That's the question that Wall Street has been asking since last week, when the company announced that it wouldin the next 15 months--roughly $2.4 billion according to estimates--as it bulks up several of its new business efforts, particularly its online services.
Investors may get some answers this week, as the Redmond, Wash., software maker hosts an annual gathering for hundreds of MSN advertisers and other ad industry notables. Microsoft is expected to give further details of its strategy and to show off some of the earliest fruits of its labors.
Much of Microsoft's focus--and spending--centers on online advertising as the company bulks up to better compete with Google and others. Its biggest bet in that area has been its decision to switch from Yahoo's ad-serving technology to its own homebrewed alternative,.
Over the long haul, the company hopes that AdCenter will prove more adept at targeting advertisements to the individual user, in the process sending more revenue its way. That was not the case in the past quarter, though.
That's when Microsoft shifted the majority of its U.S. search advertising over to the test version of AdCenter. However, revenue per search actually fell, as the company is still ironing out the kinks in the product and building its base of advertisers.
Credit Suisse estimates that Microsoft has moved from an ad network of 300,000 advertisers to one that, for now, stands at less than one-tenth that figure, according to a research note from the firm's analyst Jason Maynard.
"While we assume that the number of advertisers will climb substantially over the next 12 months, we are underwhelmed with the stickiness of the Microsoft Web properties," Maynard said in the research note last week.
Executives insist that the move is right for Microsoft in the long term, whatever growing pains it is feeling now.
"Further growth of AdCenter is key,"sent to employees after the company reported earnings last week. "Our goal is to create the Web's largest advertising network, giving us an engine that will enable us to monetize our services and compete against Google."
On the agenda
The software maker is expected to demonstrate an updated test version of AdCenter at this week's conference, with a final version targeted to be ready by June.
Also on tap should be a clearer explanation of where Microsoft is headed with MSN, its online property. Many of MSN's existing services, such as Messenger and Hotmail, are being re-fitted with the Windows Live banner. However, the company is pushing ahead with a dual-brand strategy. At the meeting, it is expected to make its case to advertisers as to why both outlets make sense for their marketing bucks.
And it's not just Web sites that Microsoft may be looking to fill with ads.
It's expected to announce this week that it has scooped up .
On top of that, Microsoft is exploring whether it makes sense to use advertising to subsidize desktop software as well. Currently in testing is a, a free desktop e-mail reader. It's meant to augment the Windows Live Web-based e-mail service, a revamp of Hotmail, that the company has .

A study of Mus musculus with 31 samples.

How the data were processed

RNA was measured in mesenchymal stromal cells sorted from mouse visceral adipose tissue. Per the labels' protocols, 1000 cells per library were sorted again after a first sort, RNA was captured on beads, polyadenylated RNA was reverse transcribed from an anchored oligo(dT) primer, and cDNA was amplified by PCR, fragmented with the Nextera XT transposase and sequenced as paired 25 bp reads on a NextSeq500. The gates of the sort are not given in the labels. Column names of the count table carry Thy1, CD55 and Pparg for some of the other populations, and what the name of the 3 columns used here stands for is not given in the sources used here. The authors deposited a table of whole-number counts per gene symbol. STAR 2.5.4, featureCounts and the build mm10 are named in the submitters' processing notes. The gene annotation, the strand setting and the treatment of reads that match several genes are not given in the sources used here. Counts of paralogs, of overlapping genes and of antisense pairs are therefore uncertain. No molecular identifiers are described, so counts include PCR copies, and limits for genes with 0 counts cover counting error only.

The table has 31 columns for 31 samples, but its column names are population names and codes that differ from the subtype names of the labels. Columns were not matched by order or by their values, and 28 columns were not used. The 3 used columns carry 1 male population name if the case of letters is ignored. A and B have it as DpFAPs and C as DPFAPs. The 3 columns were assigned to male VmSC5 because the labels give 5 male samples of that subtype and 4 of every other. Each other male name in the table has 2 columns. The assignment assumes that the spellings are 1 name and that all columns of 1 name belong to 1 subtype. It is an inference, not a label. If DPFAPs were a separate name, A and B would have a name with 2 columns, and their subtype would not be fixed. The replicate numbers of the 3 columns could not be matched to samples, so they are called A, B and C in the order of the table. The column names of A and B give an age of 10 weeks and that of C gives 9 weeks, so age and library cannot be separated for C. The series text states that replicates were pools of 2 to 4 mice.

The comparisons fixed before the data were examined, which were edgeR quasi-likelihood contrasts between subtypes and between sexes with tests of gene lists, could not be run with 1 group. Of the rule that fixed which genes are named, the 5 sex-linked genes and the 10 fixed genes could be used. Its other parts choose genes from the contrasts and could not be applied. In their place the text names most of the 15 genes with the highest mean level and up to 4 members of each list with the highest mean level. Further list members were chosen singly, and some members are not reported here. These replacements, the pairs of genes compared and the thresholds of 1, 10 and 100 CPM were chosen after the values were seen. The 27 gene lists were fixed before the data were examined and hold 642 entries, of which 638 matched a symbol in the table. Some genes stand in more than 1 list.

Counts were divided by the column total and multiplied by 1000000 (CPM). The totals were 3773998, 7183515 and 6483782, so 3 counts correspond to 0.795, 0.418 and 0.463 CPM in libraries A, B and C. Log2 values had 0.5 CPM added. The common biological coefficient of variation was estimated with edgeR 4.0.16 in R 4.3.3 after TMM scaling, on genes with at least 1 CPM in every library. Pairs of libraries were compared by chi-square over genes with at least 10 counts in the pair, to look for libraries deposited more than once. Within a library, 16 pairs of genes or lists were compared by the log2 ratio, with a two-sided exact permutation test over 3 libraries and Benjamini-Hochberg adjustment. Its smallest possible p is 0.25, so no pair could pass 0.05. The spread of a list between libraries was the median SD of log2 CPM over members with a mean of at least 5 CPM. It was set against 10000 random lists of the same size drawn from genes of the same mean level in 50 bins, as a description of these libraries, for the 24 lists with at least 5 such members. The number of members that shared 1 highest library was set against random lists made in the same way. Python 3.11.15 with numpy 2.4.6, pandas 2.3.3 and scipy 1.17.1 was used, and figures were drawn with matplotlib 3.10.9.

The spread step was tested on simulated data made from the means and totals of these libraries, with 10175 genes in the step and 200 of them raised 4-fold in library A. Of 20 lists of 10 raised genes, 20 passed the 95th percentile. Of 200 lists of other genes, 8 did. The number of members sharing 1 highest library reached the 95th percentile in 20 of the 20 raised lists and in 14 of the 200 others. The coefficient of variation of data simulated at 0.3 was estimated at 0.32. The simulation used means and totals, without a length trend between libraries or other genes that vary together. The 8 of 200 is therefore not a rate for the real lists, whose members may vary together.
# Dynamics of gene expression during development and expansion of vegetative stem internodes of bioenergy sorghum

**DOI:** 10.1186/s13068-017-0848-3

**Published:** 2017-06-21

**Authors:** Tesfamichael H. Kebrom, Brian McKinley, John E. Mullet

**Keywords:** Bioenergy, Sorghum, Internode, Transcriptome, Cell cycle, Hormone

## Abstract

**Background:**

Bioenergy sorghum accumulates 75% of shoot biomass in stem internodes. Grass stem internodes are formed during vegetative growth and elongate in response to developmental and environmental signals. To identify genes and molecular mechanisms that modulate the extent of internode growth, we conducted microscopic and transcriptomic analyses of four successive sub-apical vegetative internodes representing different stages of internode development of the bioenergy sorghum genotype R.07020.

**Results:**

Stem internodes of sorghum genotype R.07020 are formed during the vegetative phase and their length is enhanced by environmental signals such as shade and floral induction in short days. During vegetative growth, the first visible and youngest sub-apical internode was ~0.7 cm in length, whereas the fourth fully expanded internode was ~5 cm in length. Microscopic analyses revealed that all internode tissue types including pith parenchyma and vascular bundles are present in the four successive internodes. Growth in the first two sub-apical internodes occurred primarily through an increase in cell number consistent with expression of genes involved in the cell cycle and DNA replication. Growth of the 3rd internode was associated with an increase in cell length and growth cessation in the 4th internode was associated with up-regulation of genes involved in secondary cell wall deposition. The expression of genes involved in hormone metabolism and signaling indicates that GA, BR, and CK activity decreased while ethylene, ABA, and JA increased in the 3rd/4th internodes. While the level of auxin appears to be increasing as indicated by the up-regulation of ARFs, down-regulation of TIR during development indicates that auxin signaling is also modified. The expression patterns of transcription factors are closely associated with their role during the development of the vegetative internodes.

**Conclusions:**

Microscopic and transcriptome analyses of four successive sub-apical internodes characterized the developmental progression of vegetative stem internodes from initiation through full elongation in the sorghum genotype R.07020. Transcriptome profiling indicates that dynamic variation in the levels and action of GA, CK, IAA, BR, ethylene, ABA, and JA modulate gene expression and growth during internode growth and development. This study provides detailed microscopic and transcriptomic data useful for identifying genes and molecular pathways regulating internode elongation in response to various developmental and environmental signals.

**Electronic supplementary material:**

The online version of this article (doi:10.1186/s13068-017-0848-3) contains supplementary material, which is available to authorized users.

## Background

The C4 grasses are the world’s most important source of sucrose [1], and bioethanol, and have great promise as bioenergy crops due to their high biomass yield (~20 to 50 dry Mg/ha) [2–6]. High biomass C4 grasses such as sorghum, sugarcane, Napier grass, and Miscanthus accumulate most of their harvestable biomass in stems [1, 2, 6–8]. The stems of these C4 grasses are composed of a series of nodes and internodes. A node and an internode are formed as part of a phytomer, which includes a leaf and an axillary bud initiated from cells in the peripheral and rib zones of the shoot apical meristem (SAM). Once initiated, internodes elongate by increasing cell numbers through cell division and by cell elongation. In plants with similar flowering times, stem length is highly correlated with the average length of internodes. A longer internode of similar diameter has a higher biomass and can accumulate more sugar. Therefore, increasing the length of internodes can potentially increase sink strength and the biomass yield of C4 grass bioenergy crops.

On the table is a much broader ad plan. Under this, the company would offer any number of software products, including well-known mainstays like Microsoft Works, for free to those willing to view ads along with their documents. It has yet to announce any plans for such an undertaking.
Follow the money
The question remains, just where are all those investment dollars going?
Some of it will be spent on hiring, Microsoft has said. It also expects to bulk up the physical infrastructure--such as server farms and networking gear--needed for its services push. In an interview with Fortune magazine, Chief Technical Officer Ray Ozzie said that the hardware investment needed will cost "staggering" amounts of money.
Not all the money is going into Windows Live and MSN, however. Microsoft plans a huge marketing campaign for the launch of Windows Vista and Office 2007. Both products are slated for a January launch, though. The company is also boosting its Xbox shipments to try to move as many of the game consoles as possible before Sony's PlayStation 3 hits the market, and each Xbox is shipping at a loss.
Merrill Lynch did its own estimate of what an extra $2.4 billion in expenses could purchase. Analyst Kash Rangan said that it could buy 200,000 servers at a cost of around $500 million, hire 10,000 developers at a cost of $750 million to $1 billion, pay for $700 million in networking gear and still leave around $300 million to subsidize millions of Xbox 360s at a loss of $25 per console.
Regardless of where the money is going, Credit Suisse's Maynard said that "Microsoft is spending enough money to build a Google-sized business inside their company."
And that money may not be enough to catch up, he said in his research note.
"We are not ready to say that it is too late for Microsoft to improve its prospects, but we find it very hard to believe that the growth of pure-plays like Google, Salesforce.com and Yahoo will be impaired by desperate and reactive spending measures," Maynard said.
Ballmer, meanwhile, told Microsoft workers that the push is just the kind of big bet that has paid off for the company in the past.
"Now is not the time to scale back the scope of our ambition or the scale of our investment," Ballmer wrote.